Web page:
Kat Corrigan, Painter of Fresh Paintings
I am inspired by light and shadow, how color works together to make areas pulse and recede, and the way brush strokes and layers of paint can influence emotional responses to a work. My work is expressionistic, in a realistic manner. I paint on black allowing some of the black to show through; this contrasts against the brightness of the colors in a way similar to the luminosity found in batik.
I have been painting for twenty years, more seriously since 2007, and nearly daily since 2010. Committing to a daily painting has caused a great maturation in my technique; my decision-making process has become intuitive and automatic, to the point where my efficiency has reached epic proportions. I need to be able to paint a work quickly and usually in one sitting, or it doesn’t feel as “fresh” as I like it. Often when a piece isn’t working I find it easier to gesso over it and start again.
My influences have been literary, spiritual, personal and artistic. I read voraciously, fiction and non, and prefer visual writers and poetry. John Singer Sargent’s brushstrokes caught my eye through their tangible translation of the sense of touch in a brushstroke, and Alice Neel’s psychological portraits have demonstrated how to explain personality through the use of contrast and color. Of course, Vincent VanGogh’s hysterical and wise use of textured and energetic line have encouraged me since childhood.
A piece is successful for me when I want to keep looking at it. When I have truly captured the essence of the animal in a portrait or the deep purple tones of the shadows in a street scene, I am in awe of myself. That is when I feel I am being an instrument of the art itself. The work exists somewhere – I am simply translating the vision.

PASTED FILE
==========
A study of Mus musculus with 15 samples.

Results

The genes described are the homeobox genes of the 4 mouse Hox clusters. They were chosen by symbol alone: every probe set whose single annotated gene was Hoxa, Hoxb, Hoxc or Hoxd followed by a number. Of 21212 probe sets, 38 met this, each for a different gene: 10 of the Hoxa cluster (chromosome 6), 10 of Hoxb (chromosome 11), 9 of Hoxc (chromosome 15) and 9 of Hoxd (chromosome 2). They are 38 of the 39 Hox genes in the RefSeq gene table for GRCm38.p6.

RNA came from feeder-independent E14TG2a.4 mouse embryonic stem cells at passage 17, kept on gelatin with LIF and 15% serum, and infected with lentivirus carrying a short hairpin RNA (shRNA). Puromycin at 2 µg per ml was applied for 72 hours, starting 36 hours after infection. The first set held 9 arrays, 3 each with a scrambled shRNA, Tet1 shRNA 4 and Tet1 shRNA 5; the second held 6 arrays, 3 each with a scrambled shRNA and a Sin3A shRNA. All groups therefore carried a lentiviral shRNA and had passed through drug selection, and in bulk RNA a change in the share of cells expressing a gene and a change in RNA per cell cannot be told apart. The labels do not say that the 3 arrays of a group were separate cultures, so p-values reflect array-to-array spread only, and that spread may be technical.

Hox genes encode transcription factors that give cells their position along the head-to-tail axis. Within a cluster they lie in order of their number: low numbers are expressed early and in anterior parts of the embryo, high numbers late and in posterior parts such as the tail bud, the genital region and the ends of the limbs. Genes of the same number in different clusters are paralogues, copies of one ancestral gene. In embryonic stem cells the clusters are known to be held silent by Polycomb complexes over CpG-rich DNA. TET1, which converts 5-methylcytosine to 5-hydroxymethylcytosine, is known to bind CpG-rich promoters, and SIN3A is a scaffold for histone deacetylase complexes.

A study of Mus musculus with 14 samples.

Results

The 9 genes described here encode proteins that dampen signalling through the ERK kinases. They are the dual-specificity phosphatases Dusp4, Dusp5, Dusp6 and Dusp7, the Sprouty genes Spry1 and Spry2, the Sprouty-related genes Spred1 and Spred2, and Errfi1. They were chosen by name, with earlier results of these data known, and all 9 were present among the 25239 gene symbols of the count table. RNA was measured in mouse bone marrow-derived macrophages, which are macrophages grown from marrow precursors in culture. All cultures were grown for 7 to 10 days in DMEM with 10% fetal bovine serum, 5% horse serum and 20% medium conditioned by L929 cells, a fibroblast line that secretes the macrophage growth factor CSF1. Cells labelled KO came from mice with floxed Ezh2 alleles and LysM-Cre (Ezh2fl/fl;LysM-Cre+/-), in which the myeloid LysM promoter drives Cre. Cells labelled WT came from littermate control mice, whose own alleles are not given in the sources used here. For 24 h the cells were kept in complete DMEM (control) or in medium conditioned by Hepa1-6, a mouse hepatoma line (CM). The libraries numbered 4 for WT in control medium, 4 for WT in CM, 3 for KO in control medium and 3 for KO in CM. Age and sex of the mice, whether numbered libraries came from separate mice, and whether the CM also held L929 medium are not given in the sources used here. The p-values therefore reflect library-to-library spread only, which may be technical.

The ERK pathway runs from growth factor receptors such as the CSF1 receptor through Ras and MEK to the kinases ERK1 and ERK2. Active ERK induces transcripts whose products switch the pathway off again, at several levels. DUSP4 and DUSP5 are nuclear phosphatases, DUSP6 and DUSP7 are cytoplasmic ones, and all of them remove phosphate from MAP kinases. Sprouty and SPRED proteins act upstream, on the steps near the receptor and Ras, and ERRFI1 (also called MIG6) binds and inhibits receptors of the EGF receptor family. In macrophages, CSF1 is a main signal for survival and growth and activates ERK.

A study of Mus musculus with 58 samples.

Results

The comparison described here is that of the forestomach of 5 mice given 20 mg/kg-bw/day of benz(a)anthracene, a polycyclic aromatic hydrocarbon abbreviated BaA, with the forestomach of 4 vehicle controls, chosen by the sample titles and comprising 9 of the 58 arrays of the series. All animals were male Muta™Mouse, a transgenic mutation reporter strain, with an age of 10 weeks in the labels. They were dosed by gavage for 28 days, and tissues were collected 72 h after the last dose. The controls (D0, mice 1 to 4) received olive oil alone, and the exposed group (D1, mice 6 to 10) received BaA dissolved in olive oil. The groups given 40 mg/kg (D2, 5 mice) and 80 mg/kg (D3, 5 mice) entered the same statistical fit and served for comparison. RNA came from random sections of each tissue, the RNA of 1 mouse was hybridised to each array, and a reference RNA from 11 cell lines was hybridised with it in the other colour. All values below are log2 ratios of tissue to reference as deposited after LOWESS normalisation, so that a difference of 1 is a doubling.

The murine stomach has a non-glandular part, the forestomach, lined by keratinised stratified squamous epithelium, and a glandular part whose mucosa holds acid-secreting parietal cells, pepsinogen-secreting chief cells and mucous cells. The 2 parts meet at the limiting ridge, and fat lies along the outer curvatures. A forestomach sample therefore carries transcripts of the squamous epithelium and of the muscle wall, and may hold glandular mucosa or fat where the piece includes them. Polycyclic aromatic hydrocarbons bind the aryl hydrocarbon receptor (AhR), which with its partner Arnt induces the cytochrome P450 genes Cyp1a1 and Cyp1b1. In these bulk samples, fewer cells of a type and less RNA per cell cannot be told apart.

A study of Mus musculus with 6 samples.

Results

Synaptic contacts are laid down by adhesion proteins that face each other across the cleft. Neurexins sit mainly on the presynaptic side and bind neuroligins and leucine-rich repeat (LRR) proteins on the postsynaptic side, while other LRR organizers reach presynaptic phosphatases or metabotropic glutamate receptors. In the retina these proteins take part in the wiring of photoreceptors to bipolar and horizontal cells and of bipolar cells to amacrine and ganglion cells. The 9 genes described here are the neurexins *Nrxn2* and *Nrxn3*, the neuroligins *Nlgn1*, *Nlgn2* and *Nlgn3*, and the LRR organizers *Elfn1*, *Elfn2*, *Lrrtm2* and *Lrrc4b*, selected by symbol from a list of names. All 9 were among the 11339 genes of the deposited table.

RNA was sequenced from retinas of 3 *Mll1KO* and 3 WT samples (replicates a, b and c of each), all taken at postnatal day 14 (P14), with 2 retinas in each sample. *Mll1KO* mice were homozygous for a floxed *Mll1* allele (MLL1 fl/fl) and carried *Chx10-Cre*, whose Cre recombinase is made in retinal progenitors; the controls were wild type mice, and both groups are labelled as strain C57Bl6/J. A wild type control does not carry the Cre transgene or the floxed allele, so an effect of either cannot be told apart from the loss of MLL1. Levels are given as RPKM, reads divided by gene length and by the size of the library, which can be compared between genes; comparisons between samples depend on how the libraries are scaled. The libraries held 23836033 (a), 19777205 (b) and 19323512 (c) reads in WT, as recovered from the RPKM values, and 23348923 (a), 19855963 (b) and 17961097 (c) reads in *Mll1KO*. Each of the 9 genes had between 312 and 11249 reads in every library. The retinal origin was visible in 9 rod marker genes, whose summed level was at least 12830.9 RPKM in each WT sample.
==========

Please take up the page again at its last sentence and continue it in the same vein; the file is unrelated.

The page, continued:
And if you must know more…
Born to an electrician and a teacher/artist, Kat spent her childhood between two brothers and two younger sisters, bringing home any pets she could get her hands on, including worms, frogs, tadpoles, fuzzy caterpillars, a small squirrel and many pet rocks. Her mother freely encouraged any and all creative tendencies, supplying more materials than could be used. Ceramics, macrame’, origami, large rolls of butcher paper, scrap wire and mud were regular media in exploration. Trips up to the North Shore and regular week long summer trips in the Winnebago to other states with the entire family and sometimes mom’s parents instilled a love of travel. Dad’s ability and willingness to enter into conversations with complete strangers was at first embarrassing, but advanced to a desirable trait as Kat grew up.
Through mom’s insistence, all the kids were regular winners of ribbons in the various art categories at the Dakota County Fair and several times at the Minnesota State Fair.
At St. Benedict’s during her senior year, Kat stumbled into the oil painting technique she still favors today, painting her first large series of work in a month. Working monochromatically in blues and greens with small strokes, she covered about fifteen hand-me-down canvases, the smallest two feet by three feet. Large paintings of whales, these pieces have been seen at few shows since their creation and a few, lent out to acquaintances, have disappeared, echoing Kat’s fear at the time of all the work ending up in her parent’s garage… which is where they sat for a few years.
The speed and productivity of this first output has continued to occur annually at Grand Marais at the Art Colony under the guidance of artist Elizabeth Erickson, founder of the Women’s Art Institute and also of WARM, the Women’s Art Registry of Minnesota.
Kat’s work is collected around the world.